Preliminary data from a phase 1 study suggest that ALKS 2680, an investigational orexin 2 receptor agonist, is safe and improves sleep latency in narcolepsy patients, leading to plans for a phase 2 study.
Newly announced preliminary data from a proof-of-concept phase 1 study showed that treatment with ALKS 2680 (Alkermes), an investigational orexin 2 receptor (OX2R) agonist, was safe to use among healthy volunteers and patients with narcolepsy, with observed dose-dependent improvements in sleep latency. Based on these positive findings, Alkermes is expected to begin a phase 2 study of ALKS 2680 in the first half of 2024.
Presented at the 2023 World Sleep Congress, held October 20-25, in Rio de Janeiro, Brazil, the data was from single- and multiple-ascending dose evaluations in healthy participants and the first cohort of 4 patients with narcolepsy type 1 (NT1). Following treatment with ALKS 2680, investigators observed mean improvements of 18, 30, and 37 minutes, in the 1, 3, and 8 mg dosed groups, respectively. The between group differences for all 3 doses (1 mg; P <.01; 3 mg; P <.001, and 8 mg; P <.001) were all statistically significant, as those on placebo demonstrated a 1-minute reduction in mean sleep latency.
Following an initial 2-week washout period of all existing medications, patients received single doses of 3 active dose levels of ALKS 2680 and placebo in a randomized sequence in a 4-way crossover design, with washout periods between each treatment in the sequence. In all doses tested, treatment with the OX2R agonist resulted in clinically meaningful improvements in maintenance of wakefulness test (MWT) for the full 40-minute duration, up to 10 hours post-dose. Scores on MWT at 3 mg were comparable to the 8 mg scores for the first 6 hours post-dose, while treatment with both the 1 mg and 3 mg doses of the agent resulted in improved MWT scores up to 8 hours post-dose.
The study’s main goal was to assess safety and tolerability of the agent. At the conclusion of the treatment period, drug-related adverse events (AEs) were documented only at the 8 mg dose, and were mild in severity. Insomnia (n = 3), pollakiuria (n = 2), and salivary hypersecretion (n = 2) were the only treatment-emergent AEs observed in at least 1 treated participant. Investigators observed no serious AEs or AEs that led to discontinuation, as well as no clinically meaningful, treatment-emergent changes in hepatic and renal parameters, vital signs, or electrocardiogram parameters.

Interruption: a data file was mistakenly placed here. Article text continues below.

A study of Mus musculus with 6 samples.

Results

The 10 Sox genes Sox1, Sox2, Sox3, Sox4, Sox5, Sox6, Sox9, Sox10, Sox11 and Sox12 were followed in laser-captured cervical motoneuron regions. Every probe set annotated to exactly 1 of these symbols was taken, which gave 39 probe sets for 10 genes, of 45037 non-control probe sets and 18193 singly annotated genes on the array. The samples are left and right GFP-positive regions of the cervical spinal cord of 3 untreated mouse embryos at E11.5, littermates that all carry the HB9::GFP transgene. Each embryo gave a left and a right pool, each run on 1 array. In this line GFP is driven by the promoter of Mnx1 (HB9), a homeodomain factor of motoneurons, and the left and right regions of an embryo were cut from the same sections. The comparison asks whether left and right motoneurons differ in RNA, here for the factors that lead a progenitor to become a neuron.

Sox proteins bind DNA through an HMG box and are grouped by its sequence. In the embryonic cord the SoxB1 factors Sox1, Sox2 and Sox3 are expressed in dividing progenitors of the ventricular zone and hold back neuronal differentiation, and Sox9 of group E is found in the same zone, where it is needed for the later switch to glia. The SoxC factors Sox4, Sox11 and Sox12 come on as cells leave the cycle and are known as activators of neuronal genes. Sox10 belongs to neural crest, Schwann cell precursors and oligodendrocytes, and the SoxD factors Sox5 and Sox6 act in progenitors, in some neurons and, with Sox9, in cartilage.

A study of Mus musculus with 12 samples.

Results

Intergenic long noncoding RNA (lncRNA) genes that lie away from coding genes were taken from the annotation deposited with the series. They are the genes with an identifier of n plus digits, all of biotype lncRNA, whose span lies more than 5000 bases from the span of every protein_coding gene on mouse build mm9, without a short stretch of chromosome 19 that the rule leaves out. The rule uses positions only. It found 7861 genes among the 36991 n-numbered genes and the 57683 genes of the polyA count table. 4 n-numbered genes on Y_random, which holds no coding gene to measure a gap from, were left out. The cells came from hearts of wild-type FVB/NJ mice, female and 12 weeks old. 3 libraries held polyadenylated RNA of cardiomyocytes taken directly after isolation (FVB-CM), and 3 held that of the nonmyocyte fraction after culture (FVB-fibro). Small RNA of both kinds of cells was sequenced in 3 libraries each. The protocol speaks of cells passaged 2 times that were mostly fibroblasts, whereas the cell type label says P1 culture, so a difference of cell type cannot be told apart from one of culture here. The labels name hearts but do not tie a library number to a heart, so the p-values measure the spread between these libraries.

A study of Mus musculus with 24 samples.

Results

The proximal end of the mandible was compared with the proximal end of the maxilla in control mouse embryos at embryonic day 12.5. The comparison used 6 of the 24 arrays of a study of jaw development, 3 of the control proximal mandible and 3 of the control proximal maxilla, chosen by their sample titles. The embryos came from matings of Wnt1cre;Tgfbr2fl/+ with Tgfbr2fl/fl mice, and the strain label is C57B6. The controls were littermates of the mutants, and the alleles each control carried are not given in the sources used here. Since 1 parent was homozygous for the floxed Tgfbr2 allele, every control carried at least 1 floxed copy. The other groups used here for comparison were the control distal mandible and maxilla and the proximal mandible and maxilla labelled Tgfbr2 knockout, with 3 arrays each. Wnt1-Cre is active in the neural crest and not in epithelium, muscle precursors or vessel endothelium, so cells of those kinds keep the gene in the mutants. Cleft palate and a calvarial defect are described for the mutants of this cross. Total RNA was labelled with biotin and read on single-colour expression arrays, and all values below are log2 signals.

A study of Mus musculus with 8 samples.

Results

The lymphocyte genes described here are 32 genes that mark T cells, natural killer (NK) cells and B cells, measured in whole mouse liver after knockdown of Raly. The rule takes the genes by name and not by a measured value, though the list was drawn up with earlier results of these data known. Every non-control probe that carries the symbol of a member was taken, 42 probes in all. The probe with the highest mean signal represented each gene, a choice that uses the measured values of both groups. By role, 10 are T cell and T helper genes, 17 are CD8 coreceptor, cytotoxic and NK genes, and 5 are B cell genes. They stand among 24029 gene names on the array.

"The early proof-of-concept and safety data we've seen in this ongoing phase 1 study of ALKS 2680 in both healthy volunteers and four patients with narcolepsy type 1 are compelling. These data support further evaluation of ALKS 2680 as a potential treatment for narcolepsy," Brendon Yee, PhD, respiratory and sleep physician, Woolcock Institute of Medical Research, said in a statement.
In the healthy volunteer phase of the study, each cohort included 8 participants, 6 of whom were randomized to either ALKS 2680 and 2 of whom received placebo. In the single-dose portion (n = 48), ALKS 2680 was dosed from 1 mg to 50 mg whereas in the multiple-dose portion (n = 32), patients received single daily doses of the agent at 3 mg, 8 mg, 15 mg, and 25 mg strengths for up to 10 days. In healthy individuals, ALKS 2680 was orally absorbed and showed biphasic distribution/elimination, with a terminal half-life suitable for maintaining daytime wakefulness with once-daily administration.
Preliminary analysis of the qualitative electroencephalogram data suggests central activity consistent with the mechanism of action. Similar to patients with narcolepsy, healthy volunteers who received the agent did not show any safety signals in vital signs, safety laboratory tests, ECGs at any dose level. There were no serious or severe AEs; however, 1 participant in the multiple-ascending dose portion discontinued after the first dose because of non-serious, non-severe AE that resolved without treatment. In single-dose escalation, pollakiuria, nausea, and blurred vision were the most reported AEs whereas insomnia, dizziness, pollakiuria, and visual disturbance were mostly observed in the multiple-ascending dose portion.
"Narcolepsy is a serious, chronic, neurological disease that impairs regulation of the sleep-wake cycle and negatively impacts daily life. There is significant unmet need for people with narcolepsy, as no currently available treatments address the underlying biology of the disease: orexin deficiency or dysfunction,” Craig Hopkinson, MD, chief medical officer and executive vice president of Research & Development at Alkermes, said in a statement.1 "These initial data support our design rationale for ALKS 2680 as a highly potent, orally bioavailable, selective orexin 2 receptor agonist designed to address the underlying pathology of narcolepsy. The consistent and dose-dependent effects observed in the initial proof-of-concept data enable dose selection for evaluation in phase 2. We look forward to sharing additional updates from the phase 1 study, and plan to initiate our phase 2 study of ALKS 2680, in the first half of 2024."